Coal: Extraction and Energy Production Impacts on Birds

Coal Mine by USGS

Coal Mine by USGS




Without proper care, coal mining (both surface and subsurface) can destroy land and pollute water. When coal is then burned to produce energy, it gives off carbon dioxide, the main greenhouse gas that is linked with global warming. Burning coal also produces emissions, such as sulfur, nitrogen oxide, and mercury that can pollute the air and water. In addition, transporting mined coal sometimes requires the construction of roads, railroads, pipelines and other facilities in areas of good bird habitat. Power plants themselves disrupt the environment, and the transmission lines that move the electricity also have their impacts.



Impacts on Birds


The United States has the world's largest known coal reserves, about 267.6 billion short tons. This is enough coal to last approximately 236 years at today's level of use. Coal is mined in 27 states. Wyoming mines the most coal, followed by West Virginia, Kentucky, Pennsylvania, and Texas. Coal is mainly found in three large regions, the Appalachian Coal Region, the Interior Coal Region, and Western Coal Region (which includes the Powder River Basin). Generally, impacts on wildlife have not had a significant effect on the ability to produce coal. For example, the Appalachian region is one of the most biodiverse parts of the country, and important habitat for many migratory birds, including warblers, waterthrushes, and vireos. It is also important to the coal industry. Over 1,200 mines are found in the region. Some 380,574 acres of forest habitat were destroyed for the purpose of mountaintop removal from 1992 to 2002.


One particularly destructive form of mining is called "Mountaintop Removal/Valley Fill" whereby entire tops of mountains are removed to gain access to coal seams. The mountain habitat is devastated in the process, and the dumping of mountain rubble into nearby valleys creates further habitat loss as well as the severe loss of streamwater quality. Mining practices such as this are blamed in part for the decline in the population of the Cerulean Warbler, a small, blue songbird that breeds in the mature forests of the Appalachian Mountains. This migratory species has experienced a 70% decline since 1966. The Louisiana Waterthrush, Worm-eating Warbler, Black-and-white Warbler, and Yellow-throated Vireo are also being threatened by removal of forest habitat.

Although mining continues to threaten wild birds across a broad range of habitats, in selected instances, wildlife concerns are limiting the the manner in which coal is mined and the amount of coal that can be extracted. For example, in southern Wyoming, mine plans have had to be adapted for the protection of raptor habitat, especially that related to nesting areas for Golden Eagles. In North Dakota, mining is being restricted in wooded draws, a scarce bird habitat.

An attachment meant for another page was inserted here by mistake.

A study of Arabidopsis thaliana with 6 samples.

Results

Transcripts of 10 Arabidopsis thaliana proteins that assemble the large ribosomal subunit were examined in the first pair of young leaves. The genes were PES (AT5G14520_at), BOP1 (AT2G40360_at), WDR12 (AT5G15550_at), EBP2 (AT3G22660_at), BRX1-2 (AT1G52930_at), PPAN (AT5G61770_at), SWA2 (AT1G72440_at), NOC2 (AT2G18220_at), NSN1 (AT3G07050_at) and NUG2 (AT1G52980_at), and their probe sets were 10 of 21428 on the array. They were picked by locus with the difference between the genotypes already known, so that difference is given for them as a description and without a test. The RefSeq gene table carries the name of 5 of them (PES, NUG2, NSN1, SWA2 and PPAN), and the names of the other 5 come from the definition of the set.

Existing Protections for Birds


Protections for birds from coal extraction is based primarily on a federal provision which states that an operation must: ".to the extent possible using the best technology currently available, minimize disturbances and adverse impacts of the operation on fish, wildlife, and related environmental values (which has been understood to mean habitat for birds and other wildlife), and achieve enhancement of such resources where practicable." In addition, operators are required to: design electric power lines and other transmission facilities so as to minimize the potential for electrocution of raptors, protect or restore riparian areas, and refrain from using persistent pesticides. In addition, where bird habitat is to be a primary or secondary post mining land use, an operator must select plant species on reclaimed areas based on their nutritional value and their value as cover, and must distribute these species to optimize habitat. Where cropland is to be established after mining, fields are to be interspersed with "trees, hedges, or fence rows." Unfortunately, there are few protections for birds from the burning of coal to produce electricity and the related effects on global warming. In addition, metal accumulation in passerine bird species has also been found in a zones surrounding coal-fired power plant.




One obvious solution to the growth of coal extraction is to push for greater energy conservation and production of renewable energy. Likewise, the adoption of carbon capture and sequestration (CCS) technology can help reduce the carbon dioxide emissions significantly while also allowing coal to meet the world's pressing energy needs. CCS involves trapping carbon dioxide at the point of production and then storing it to prevent its release into the atmosphere. Storage can be in underground formation or in the form of mineral carbonates.


There are few ways to mitigate for the destructive practice of mountaintop removal, with the exception of improved reforestation after the mine has exhausted its coal reserves.